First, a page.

The Zeitgiest is shifting. The unthinkable is now thought, and in public.
Politicians go cold as global warming debate loses spark
Soon will come the time when everyone says “I always knew it was wrong”.
Tim Montgomerie notes the great backdown of Kevin Rudd on the carbon tax and lays out the global carnage in the climate meme:
Throughout the world green politicians are presiding over similar climbdowns. From Washington to London, shale gas rather than any renewable technology is seen as the future. Even nations such as Germany and Spain, which led the march to green energy, are slashing unaffordable subsidies to the renewables industry. British Conservative Nigel Lawson has claimed that the average share price of companies in the renewable sector has fallen by 80 per cent over five years. “One renewable company after another is going bankrupt,” he declared. The heavy cost of green energy policies might have been justifiable if they had delivered results, but they haven’t. Since the Kyoto treaty on climate change, global emissions have continued to rise. Since 1990 they have increased by about 50 per cent. China’s increase in emissions has been 25 times greater than the reduction by the EU’s core nations. In so far as Europe has actually met its environmental obligations, it has only done so by exporting industrial capacity (and jobs). Once the environmental impact of imported goods has been added to its carbon footprint, Europe has clearly failed to keep its environmental promises.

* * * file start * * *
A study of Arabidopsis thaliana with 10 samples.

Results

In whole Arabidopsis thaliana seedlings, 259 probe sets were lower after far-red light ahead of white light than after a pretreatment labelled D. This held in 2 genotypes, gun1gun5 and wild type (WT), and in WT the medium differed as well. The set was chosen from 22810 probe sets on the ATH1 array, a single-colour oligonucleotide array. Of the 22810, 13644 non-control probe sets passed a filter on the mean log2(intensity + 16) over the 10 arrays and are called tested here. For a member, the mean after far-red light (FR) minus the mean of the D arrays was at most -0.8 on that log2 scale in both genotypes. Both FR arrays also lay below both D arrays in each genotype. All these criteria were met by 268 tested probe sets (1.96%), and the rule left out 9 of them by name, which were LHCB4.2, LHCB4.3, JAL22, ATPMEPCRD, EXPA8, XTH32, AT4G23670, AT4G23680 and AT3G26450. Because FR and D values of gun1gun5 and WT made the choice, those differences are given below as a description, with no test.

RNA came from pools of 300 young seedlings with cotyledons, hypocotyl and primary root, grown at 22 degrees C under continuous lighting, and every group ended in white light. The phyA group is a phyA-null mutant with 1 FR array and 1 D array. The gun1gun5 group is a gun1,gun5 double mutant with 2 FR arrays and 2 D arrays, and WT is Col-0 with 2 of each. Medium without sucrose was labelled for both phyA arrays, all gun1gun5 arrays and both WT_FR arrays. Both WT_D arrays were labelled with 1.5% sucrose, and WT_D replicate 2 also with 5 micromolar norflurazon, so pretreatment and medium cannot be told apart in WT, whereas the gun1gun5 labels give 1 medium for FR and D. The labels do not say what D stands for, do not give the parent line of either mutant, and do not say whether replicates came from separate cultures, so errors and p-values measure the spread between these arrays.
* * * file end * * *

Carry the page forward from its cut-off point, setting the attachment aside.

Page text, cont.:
One commentator, Bjorn Lomborg, spelt out the futility of Europe’s unilateral environmentalism. Germany’s efforts to combat climate change might, he calculated, just possibly delay a rise in global temperatures by 37 hours, but that delay will have cost German taxpayers and consumers more than $US100 billion in the form of renewable subsidies and higher electricity costs. That’s about $US3bn an hour.
Green enthusiasts are kidding themselves if they blame the global economic slump for the failure of climate change policies. Their policies were always an attempt to defy economic gravity.
Montgomerie’s description of Rudd is very short:
… in the past 10 days one of the greenest of green politicians has to all intents, constructions and purposes given up. Last week, Australia’s green movement suffered a defeat at least as big as those of the country’s cricket and rugby teams. Rudd announced he would ditch the carbon tax that had threatened to consign his Labor Party to one of the worst defeats in its history…
Some will argue that Rudd has shifted to a trading scheme which is what he always wanted, and he’s only brought it forward by a year. But everyone knows that the reason for the shift was not because it would be “better for the climate” to reduce the carbon-price by 70%. Even Rudd himself admits the shift was to reduce the cost of living pressures.
Priority number one is not the environment. (But don’t expect Rudd to say that).